From bad to worse? - NRDC tells EPA to oppose new Enlist Duo pesticide
Earlier this year we told you about how glyphosate – commonly known as Round Up – was responsible for contributing to the dramatic decline in monarch butterflies by eliminating milkweed, the one plant the monarchs depend on to reproduce. Round Up has been so effective that scientists have documented a huge decline in the presence of milkweed in agricultural fields and along with it, a corresponding decline in monarch butterflies. But other types of weeds have actually developed a resistance to glyphosate and no longer respond to the application of this pesticide. Therefore, the chemical companies are looking to address this problem. Naturally, their solution is: Even more pesticides!
Dow Chemical recentlypetitioned the EPA to register a new pesticide that combines glyphosate with another pesticide: 2, 4D. The same company has developed genetically engineered corn and soy that withstand both of these pesticides. This way farmers can douse their fields with two pesticides at once and eliminate any weeds, including those that are resistant to glyphosate, all without harming their crops. . So tell me, what happens when the weeds develop resistance to 2, 4 D?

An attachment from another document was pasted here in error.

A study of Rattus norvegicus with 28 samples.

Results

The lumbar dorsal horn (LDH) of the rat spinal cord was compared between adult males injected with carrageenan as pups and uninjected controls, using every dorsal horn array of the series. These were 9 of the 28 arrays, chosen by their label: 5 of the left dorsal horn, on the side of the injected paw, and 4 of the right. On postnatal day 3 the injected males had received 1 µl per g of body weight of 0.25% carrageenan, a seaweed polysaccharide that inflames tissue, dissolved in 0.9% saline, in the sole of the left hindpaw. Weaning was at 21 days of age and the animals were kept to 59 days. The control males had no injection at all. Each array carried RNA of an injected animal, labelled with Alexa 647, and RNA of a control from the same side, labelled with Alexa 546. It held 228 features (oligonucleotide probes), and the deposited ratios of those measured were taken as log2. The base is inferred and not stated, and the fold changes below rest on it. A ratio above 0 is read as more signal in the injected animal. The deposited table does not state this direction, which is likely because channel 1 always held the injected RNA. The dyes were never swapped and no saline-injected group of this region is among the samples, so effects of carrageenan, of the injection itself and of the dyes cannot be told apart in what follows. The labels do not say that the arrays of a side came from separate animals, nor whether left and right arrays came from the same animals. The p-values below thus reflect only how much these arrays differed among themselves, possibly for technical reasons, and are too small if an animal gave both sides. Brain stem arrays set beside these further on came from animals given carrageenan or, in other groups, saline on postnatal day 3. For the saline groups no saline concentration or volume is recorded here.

Anyone can see where this is headed – a snowballing effect of more and more powerful pesticides that threaten both wildlife and human health. This is hardly a sustainable solution. That’s why NRDC submitted comments to the EPA highlighting the agency’s failure to address the impacts that the combined use of glyphosate and 2, 4 D will have on the environment and on public health.
Several months ago NRDC also filed a petition with EPA to evaluate glyphosate given the impacts it is having on the imperiled monarch population. At a minimum, EPA should not allow the registration of this new cocktail of pesticides until it has conducted that evaluation. Furthermore, there are significant public health concerns with the expanded use of 2, 4D that need to be addressed. But more than anything, EPA needs to acknowledge that going down a path of approving more and more pesticide combinations will not produce not a sustainable or healthy future for anyone. Two wrongs will never make a right.